By Euronews & AP
Turkey’s President Recep Tayyip Erdogan listens to a question during a joint news conference with German Chancellor Angela Merkel in Istanbul, Turkey, Oct. 16, 2021. – Copyright AP Photo/Francisco Seco
The decision by Turkish authorities to declare 10 foreign ambassadors – including seven from Europe – as persona non grata is “regrettable” and “incomprehensible”, European governments have said.
The 10 ambassadors called for the release of businessman and philanthropist Osman Kavala — jailed in 2017 despite having not having been convicted of a crime — in a joint statement last week.
Turkish President Recep Tayyip Erdogan said that the statement was an “impudence” and ordered the ambassadors to be declared undesirable.
“I gave the instruction to our foreign minister and said ‘You will immediately handle the persona non grata declaration of these 10 ambassadors,’” Erdogan told supporters during a rally in Eskisehir.
“They will recognise, understand and know Turkey. The day they don’t know or understand Turkey, they will leave.”
The diplomats, including the ambassadors of France, Germany, Netherlands, Canada, Denmark, Sweden, Finland, Norway, New Zealand, and the US, were summoned to the foreign ministry on Tuesday.
German government spokesperson Steffen Seibert said on Monday that he had taken note “with concern and also with incomprehension” of the Turkish president’s statements. He stressed that Berlin had not yet received any “official communication” from Ankara.
Finnish Prime Minister Sanna Marin told public broadcaster YLE on Sunday that “this is a tough reaction” from Erdogan.
“This is a very regrettable situation. We’ve considered it important that the decisions of the European Court of Human Rights are respected and complied with, and therefore have called for the release of this human rights activist,” Marin said.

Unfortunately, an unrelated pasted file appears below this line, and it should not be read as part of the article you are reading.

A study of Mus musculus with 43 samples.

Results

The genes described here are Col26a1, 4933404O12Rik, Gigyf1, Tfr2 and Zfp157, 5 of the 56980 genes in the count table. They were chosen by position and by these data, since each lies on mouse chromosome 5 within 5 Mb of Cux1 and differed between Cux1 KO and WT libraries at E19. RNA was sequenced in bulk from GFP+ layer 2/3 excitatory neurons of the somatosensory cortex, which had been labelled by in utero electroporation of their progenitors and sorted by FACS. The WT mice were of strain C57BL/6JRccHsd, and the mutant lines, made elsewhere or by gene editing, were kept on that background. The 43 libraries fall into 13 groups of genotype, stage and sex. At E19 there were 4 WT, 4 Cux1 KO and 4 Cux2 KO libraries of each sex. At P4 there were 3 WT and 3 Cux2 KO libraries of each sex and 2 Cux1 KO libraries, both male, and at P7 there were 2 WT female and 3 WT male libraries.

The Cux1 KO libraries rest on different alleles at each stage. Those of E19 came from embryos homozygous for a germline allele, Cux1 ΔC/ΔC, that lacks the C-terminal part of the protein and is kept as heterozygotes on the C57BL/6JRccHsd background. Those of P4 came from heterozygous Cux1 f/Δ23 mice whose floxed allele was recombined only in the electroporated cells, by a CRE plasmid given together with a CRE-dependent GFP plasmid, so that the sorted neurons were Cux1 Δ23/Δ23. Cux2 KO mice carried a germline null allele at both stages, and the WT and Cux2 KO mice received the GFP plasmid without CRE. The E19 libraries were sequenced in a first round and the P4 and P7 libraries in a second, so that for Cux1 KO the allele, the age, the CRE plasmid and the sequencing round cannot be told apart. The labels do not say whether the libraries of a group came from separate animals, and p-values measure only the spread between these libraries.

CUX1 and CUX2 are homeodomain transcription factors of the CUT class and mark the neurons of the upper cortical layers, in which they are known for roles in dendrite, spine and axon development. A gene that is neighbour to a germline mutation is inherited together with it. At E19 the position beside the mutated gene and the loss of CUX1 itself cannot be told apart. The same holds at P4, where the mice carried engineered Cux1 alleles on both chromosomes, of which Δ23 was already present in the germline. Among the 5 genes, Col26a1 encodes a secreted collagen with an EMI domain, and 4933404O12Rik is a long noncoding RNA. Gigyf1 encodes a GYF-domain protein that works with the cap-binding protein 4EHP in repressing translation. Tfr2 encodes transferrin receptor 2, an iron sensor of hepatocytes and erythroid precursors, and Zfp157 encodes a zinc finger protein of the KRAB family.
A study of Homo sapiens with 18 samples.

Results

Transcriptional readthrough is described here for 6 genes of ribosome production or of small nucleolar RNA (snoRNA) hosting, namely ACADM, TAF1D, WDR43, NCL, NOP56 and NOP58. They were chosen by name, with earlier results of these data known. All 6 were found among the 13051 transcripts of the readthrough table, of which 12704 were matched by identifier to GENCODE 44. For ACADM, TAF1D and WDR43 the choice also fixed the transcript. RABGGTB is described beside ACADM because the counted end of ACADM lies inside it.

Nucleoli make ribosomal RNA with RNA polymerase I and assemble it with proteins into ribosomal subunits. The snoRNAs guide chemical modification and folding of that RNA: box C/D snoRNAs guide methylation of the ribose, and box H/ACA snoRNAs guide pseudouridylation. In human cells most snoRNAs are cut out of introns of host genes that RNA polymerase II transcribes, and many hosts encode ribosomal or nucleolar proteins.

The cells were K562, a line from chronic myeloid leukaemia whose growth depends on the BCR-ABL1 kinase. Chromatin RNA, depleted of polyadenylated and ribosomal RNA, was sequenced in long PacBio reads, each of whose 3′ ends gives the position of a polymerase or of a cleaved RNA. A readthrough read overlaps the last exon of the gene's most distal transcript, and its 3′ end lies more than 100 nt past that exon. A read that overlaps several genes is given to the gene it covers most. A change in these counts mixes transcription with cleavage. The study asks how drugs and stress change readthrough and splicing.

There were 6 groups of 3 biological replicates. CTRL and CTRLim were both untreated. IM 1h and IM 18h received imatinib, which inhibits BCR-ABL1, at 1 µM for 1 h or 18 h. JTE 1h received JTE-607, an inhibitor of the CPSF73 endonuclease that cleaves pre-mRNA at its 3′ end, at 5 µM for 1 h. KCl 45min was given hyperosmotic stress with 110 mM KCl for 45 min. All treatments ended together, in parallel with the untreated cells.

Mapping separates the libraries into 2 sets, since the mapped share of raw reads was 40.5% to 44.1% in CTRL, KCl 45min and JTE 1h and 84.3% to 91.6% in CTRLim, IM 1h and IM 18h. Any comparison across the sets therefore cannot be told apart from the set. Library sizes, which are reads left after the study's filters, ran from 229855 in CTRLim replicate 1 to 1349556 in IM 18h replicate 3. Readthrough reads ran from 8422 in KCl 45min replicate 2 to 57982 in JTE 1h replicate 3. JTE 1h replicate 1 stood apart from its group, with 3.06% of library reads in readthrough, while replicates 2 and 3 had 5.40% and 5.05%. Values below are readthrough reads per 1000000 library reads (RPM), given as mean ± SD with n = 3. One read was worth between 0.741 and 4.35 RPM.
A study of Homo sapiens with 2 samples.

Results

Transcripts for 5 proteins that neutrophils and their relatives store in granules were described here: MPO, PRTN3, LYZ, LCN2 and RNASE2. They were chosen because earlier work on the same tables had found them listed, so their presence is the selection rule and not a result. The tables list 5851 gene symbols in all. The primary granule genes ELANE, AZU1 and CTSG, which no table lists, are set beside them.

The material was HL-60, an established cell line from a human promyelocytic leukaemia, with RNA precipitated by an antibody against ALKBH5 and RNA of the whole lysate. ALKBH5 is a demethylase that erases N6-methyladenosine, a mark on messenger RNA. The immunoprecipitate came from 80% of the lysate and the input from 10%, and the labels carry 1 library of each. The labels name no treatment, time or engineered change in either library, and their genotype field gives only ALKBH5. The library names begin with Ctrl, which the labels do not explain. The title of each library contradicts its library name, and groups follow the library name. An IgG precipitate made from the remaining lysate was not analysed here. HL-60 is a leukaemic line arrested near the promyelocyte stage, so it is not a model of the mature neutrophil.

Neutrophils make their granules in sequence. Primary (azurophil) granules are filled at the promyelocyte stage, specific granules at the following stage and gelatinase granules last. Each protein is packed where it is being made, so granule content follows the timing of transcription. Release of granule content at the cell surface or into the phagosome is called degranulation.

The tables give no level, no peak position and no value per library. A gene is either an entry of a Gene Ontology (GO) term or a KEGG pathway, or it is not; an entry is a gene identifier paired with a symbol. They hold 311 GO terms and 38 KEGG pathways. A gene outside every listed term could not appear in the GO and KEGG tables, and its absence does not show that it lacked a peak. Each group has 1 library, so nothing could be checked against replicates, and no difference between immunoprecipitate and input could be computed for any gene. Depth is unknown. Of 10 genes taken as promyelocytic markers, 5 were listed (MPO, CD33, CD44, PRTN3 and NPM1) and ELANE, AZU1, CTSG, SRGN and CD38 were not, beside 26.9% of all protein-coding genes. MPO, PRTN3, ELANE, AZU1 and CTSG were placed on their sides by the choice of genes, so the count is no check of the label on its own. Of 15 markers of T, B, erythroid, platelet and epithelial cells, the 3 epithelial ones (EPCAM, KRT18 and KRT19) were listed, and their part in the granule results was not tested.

She also said that Helsinki was engaged in a dialogue with Turkish officials and was waiting for further information from Ankara before “drawing any conclusions”.
By Sunday afternoon, none of the four Nordic countries had received an official notification from Turkey’s foreign ministry on their ambassadors being labeled with a persona non grata status.
“However, I can state that we’re in close contact with our friends and allies about the case,” Danish Foreign Minister Jeppe Kofod told broadcaster TV2 late Saturday.
A declaration of persona non grata against a diplomat usually means that an individual is banned from remaining in their host country.
Kavala, 64, was acquitted last year of charges linked to nationwide anti-government protests in 2013, but the ruling was overturned and joined to charges relating to a 2016 coup attempt.
International observers and human rights groups have repeatedly called for the release of Kavala and Kurdish politician Selahattin Demirtas, who has been jailed since 2016.
They say their imprisonment is based on political considerations. Ankara denies the claims and insists on the independence of Turkish courts.
The European Court of Human Rights called for Kavala’s release in 2019, saying his incarceration acted to silence him and wasn’t supported by evidence of an offence. The Council of Europe says it will start infringement proceedings again Turkey at the end of November if Kavala is not released.